As students, families, and educators face another year filled with uncertainty from the pandemic, the federal government is making a $2.9 billion investment in the recovery and redesign of our schools. Communities want to know how these funds are being spent and educators want to ensure they support sustainable improvement. If spending is aligned with evidence-based strategies to drive equitable access and opportunity for all students, this unprecedented federal investment has the potential to dramatically accelerate learning, catalyze innovation, and support students' holistic growth and development. But how will we know if it makes an impact? To find out we are teaming up with CERES Institute for Children & Youth and Education Resource Strategies to launch the EdImpact Research Consortium.
The education field has paid much attention to the need to diversify the teacher workforce. But what about education leadership? Students seeing themselves represented in their principals and superintendents has a direct impact on their experiences with the school system and their future aspirations. So how are Massachusetts districts doing when it comes to gender and racial equity in education leadership? To answer this question we teamed up with the Women’s Power Gap Initiative of the Eos Foundation for a multi-year research project zeroing in on disparities in K-12 leadership. What resulted was our latest report, The Power Gap in Massachusetts K-12 Education.
Simone Ngongi-Lukula, Andrew Pablo, and Emily 蘇妮 Thoman are our first Future Education Leaders Network (FELN) research fellows! With support from Rennie Center staff, they are conducting research regarding pathways to careers in education. This process involves reviewing relevant literature, identifying factors that draw people of color to work in the education sector (and push them away from that sector), and providing policy recommendations for recruiting, hiring, and retaining BIPOC professionals.
A $1.8 billion dollar influx of federal funding is coming to Massachusetts schools this year. Communities have until October to submit their funding plans to the state. So what should districts do with this once-in-a-lifetime funding opportunity? Our team came up with a list of practices that schools can invest in right now to both address the current needs of students and lay the building blocks for the modern system of education our children need.
The long-standing challenge of accessing mental health care is growing more and more insurmountable. And the pandemic has only made matters worse. The impacts of a year in isolation on children’s mental health has been profound. Mental health providers cannot keep up with the demand for services and supporting young people during this time requires a whole community response. But while schools can, and do, play a significant role addressing this challenge, supporting students’ mental health needs is a significant responsibility that can stress the capacity of schools and educators. That’s why we’ve teamed up with mental health experts to launch Thriving Minds. Through a series of learning opportunities, Thriving Minds provides teachers, school mental health professionals, and school and district leaders with guidance and support to build comprehensive school mental health systems.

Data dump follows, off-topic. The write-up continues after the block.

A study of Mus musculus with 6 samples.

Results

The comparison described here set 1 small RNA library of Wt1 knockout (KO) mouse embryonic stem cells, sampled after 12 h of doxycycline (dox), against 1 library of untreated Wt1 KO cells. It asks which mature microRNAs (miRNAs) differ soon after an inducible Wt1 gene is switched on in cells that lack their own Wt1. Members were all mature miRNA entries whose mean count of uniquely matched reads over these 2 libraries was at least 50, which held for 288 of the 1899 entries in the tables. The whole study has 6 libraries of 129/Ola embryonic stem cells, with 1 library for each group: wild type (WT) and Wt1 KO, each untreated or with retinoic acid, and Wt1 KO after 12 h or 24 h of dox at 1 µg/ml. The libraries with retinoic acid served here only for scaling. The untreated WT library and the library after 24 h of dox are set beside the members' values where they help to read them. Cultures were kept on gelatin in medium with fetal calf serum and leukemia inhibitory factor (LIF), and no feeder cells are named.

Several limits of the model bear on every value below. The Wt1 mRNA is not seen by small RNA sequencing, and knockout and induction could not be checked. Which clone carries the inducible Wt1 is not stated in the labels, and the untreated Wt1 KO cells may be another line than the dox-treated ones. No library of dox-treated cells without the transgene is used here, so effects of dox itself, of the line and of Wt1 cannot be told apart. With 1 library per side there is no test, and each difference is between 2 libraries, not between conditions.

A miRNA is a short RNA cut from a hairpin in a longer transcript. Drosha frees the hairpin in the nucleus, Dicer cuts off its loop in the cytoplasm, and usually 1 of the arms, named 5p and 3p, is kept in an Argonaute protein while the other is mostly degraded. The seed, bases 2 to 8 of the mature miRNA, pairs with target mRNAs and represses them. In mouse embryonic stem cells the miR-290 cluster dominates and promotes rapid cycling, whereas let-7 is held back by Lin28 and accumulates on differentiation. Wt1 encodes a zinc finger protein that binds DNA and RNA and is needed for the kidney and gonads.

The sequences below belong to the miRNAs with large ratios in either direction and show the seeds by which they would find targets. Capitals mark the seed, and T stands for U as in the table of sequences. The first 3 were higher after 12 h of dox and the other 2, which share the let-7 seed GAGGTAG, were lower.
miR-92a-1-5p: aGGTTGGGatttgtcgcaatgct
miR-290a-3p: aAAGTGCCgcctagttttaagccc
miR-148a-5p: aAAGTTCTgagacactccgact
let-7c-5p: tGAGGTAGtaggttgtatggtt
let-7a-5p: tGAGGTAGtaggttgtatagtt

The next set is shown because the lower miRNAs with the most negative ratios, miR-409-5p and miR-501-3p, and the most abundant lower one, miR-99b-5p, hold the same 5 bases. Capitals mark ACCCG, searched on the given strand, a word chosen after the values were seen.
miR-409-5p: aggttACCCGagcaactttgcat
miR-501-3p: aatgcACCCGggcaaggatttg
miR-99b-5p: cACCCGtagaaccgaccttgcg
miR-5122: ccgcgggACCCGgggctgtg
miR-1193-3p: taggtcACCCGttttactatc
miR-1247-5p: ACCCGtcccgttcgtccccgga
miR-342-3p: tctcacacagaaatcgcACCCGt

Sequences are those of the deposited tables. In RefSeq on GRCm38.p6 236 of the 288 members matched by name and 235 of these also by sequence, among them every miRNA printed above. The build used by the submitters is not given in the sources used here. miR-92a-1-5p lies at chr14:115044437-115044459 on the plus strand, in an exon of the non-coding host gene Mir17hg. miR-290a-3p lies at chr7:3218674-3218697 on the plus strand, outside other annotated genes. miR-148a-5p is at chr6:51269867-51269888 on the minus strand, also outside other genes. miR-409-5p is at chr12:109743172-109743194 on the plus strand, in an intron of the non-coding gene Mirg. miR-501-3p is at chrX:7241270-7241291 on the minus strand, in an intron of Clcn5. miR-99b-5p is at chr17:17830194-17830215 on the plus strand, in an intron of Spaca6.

We are thrilled to introduce our new Associate, Elizabeth (Ellie) Sanchez! Ellie joined our team this summer, bringing with her a passion for improving public education and years of experience working in schools and advocating for change. Before coming to the Rennie Center, Ellie served as a corps member for City Year Boston, worked as a teaching assistant at a K-8 school in Roxbury, fought to improve civics education through her work at Generation Citizen, and graduated with a degree in Education Policy and Management from the Harvard Graduate School of Education.
As Somerville looks ahead to the fall, district leaders say they don't want to focus on making up for the past year, but instead helping students move forward and advancing toward a more equitable and effective system. The district is offering summer programs to help students build academic skills, explore interests, reconnect with peers, and smooth the transition into the school year. Meanwhile, schools are preparing to support students’ mental health and social-emotional needs this fall.
College and career counselors, teachers, and community partners worked together to help the Somerville High School class of 2021 prepare for their post-graduation plans amid COVID-19. Though communicating virtually, they worked to establish relationships with seniors and provide resources through several forms of outreach including one-on-one conversations, online workshops, forums for families, and creating videos on common topics in postsecondary readiness.
It’s been nearly 25 years since the first MCAS tests were taken. Since then, the test and the state’s accountability system have brought resources to underfunded schools, highlighted inequities in our education system, and pushed Massachusetts to first in the nation in academics. But, with progress stalling, a new understanding of the importance of deeper learning, and decades of data on the unintended consequences the test has had on economically disadvantaged communities and communities of color, it’s time for a change. We need to fundamentally rethink our approach to assessments.
In our latest look into the past year in Somerville Public Schools, we look at how Somerville's many community organizations teamed up with schools to meet the needs of students and families during COVID-19, providing everything from diapers and groceries, to art supplies and out-of-school-time learning opportunities. Coordinating in a time of urgency represented a massive logistical challenge, but organizations stepped up to provide support while city and district officials helped fill in gaps with services and messaging to the community.